I'm making tentative steps into using tabs in Vim. It seems a bit ridiculous, I've been using tabs in everything for the last 18 years:
- Visual Studio
- Every browser since Opera came up with them
- Sublime Text
- Bash terminals
As you can see it's mostly Windows, but I really want to switch to proper free and open tools for my dev work, so I want to switch off Sublime Text into Vim.
I've also been a fairly basic user of Vim for 18 years. I only just realised that Vim does have tabs in it! Don't I feel clever...
So ok, great so Vim has tabs, but really they're not tabs, but they are, but they're not.
The Vim wiki on tab 'pages' has a mildly helpful start:
In Vim, each file is loaded into a buffer, which can be displayed in any number of windows, in any number of tabs.
I can just about get that, they're really flexible, which I can imagine is great. You could split a single file across tabs I'd imagine, I've never felt the need to do that, but I'm sure there's a use case for it.
But then the wiki falls off the edge of my knowledge whilst at the same time trying to claim they're making it easier for me:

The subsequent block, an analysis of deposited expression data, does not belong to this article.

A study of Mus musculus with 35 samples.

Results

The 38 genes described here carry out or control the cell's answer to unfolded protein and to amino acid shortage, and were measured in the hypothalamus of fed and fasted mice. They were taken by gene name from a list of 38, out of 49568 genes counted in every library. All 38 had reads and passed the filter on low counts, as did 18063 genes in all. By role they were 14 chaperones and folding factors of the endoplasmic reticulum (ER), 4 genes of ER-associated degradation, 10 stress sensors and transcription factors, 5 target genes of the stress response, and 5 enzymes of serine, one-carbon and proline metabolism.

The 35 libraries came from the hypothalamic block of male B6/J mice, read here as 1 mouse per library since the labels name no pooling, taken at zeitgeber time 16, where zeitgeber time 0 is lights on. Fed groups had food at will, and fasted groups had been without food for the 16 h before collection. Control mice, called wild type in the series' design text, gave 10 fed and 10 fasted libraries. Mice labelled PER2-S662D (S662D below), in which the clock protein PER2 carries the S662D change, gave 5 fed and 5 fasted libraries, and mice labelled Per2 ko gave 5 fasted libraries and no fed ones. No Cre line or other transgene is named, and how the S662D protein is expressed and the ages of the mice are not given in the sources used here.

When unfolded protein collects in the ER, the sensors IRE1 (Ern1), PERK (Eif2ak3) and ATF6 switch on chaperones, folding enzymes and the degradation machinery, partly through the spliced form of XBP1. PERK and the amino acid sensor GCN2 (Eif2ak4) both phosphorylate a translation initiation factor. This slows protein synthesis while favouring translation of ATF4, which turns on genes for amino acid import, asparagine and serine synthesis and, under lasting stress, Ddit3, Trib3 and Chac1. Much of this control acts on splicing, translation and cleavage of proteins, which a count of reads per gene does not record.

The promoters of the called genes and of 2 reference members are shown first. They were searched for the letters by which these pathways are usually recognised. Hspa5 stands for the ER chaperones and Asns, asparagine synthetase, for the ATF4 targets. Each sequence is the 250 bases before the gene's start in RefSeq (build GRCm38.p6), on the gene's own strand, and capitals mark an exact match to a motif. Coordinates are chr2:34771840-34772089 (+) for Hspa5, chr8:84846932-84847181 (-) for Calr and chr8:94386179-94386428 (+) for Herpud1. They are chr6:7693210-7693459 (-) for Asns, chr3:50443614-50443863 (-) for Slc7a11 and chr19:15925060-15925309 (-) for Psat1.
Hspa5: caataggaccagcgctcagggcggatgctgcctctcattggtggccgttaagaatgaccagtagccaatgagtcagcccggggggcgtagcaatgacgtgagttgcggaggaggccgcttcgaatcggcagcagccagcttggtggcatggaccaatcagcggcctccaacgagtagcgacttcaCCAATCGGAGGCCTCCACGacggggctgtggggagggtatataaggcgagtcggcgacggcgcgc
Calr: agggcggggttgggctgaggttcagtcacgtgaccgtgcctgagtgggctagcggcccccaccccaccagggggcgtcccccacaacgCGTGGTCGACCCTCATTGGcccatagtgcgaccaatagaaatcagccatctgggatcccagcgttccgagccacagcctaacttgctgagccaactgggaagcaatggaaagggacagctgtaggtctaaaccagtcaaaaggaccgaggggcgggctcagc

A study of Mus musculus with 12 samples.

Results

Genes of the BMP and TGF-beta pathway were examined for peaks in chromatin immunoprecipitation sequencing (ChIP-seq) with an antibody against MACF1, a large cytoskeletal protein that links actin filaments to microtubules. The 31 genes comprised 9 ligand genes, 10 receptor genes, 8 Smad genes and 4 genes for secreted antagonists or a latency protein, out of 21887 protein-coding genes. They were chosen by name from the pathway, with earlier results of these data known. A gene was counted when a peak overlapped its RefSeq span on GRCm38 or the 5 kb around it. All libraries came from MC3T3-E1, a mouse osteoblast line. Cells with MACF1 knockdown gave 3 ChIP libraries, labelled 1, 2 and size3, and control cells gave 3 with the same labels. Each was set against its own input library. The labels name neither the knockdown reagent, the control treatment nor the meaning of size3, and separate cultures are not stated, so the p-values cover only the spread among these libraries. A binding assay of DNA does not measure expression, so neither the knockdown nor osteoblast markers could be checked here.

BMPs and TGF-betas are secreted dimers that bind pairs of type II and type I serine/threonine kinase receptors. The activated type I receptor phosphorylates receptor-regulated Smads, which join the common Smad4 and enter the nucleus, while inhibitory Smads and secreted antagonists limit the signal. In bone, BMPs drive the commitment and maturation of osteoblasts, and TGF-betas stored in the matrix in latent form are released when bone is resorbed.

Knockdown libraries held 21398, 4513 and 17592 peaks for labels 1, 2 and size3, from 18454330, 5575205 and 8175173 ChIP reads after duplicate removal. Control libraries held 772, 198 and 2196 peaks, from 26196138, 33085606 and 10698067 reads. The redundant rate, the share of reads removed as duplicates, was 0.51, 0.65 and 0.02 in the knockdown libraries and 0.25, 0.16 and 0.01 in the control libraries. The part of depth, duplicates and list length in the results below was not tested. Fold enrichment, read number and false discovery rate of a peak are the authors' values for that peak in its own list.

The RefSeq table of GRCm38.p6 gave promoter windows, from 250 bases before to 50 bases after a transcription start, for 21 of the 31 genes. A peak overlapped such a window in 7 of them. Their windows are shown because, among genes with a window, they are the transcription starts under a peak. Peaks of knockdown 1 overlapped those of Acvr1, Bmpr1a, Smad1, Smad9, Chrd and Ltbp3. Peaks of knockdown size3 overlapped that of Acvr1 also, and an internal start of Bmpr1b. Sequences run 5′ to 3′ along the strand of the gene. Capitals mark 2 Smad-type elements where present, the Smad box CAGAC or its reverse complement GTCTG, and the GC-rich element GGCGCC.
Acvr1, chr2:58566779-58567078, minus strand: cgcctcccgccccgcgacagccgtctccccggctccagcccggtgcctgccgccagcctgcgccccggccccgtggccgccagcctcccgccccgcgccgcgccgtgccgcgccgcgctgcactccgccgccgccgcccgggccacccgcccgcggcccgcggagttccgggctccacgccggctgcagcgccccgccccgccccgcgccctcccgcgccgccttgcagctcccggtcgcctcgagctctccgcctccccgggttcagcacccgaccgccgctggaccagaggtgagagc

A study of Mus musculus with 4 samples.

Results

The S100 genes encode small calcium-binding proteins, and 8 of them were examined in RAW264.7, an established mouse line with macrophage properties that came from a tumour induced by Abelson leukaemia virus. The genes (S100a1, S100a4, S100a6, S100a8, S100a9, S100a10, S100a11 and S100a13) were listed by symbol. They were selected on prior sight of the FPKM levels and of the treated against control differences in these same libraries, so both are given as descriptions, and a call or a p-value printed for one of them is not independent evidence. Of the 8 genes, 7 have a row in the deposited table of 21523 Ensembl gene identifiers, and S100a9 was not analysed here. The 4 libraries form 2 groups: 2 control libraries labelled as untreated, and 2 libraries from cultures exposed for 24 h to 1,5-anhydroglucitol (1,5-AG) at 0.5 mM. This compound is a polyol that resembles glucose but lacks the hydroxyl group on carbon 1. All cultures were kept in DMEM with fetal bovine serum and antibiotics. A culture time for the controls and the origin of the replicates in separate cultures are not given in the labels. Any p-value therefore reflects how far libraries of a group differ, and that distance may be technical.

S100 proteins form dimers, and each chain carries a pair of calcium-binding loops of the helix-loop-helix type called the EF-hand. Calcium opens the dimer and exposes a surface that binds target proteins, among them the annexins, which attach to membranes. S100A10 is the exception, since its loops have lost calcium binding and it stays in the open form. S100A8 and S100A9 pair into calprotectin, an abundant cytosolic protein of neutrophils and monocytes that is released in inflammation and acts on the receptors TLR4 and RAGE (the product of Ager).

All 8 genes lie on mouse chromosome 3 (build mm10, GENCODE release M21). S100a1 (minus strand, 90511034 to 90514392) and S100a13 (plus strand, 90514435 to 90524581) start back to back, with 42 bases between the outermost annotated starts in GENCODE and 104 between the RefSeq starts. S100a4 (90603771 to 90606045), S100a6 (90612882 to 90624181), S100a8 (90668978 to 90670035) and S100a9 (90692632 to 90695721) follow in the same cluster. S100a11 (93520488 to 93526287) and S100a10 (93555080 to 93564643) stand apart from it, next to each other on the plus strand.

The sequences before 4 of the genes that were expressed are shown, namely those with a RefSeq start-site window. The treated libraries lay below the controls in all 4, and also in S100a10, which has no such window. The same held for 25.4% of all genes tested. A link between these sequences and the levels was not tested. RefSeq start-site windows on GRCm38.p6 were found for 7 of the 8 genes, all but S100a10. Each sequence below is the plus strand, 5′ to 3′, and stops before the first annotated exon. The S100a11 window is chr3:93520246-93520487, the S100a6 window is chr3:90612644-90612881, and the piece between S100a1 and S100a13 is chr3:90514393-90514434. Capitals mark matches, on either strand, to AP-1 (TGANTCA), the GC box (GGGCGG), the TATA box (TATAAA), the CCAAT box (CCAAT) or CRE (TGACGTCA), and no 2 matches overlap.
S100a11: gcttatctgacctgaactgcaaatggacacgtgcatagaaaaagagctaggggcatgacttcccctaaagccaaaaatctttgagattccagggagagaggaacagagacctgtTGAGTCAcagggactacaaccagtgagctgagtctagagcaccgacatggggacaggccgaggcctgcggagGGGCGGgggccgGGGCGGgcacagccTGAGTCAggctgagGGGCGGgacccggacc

The easiest way to think about tab pages in Vim is to consider them to be viewports, layouts, or workspaces.
Ok... so as it's so easy could someone explain to me what the following are in terms of Vim:
P.S. I've been found a helpful answer on this SO question on Using Vim's tabs like buffers:
A buffer is the in-memory text of a file.
A window is a viewport on a buffer.
A tab page is a collection of windows.
But again that doesn't explain what a viewport is, or a layout or a workspace. None of which I've heard of in terms of an editor before. (Well actually Sublime Text has workspaces but I'm sure they mean something different there)
Yes, I could keep googling down the rabbit hole, but I didn't expect the rabbit hole to be this deep.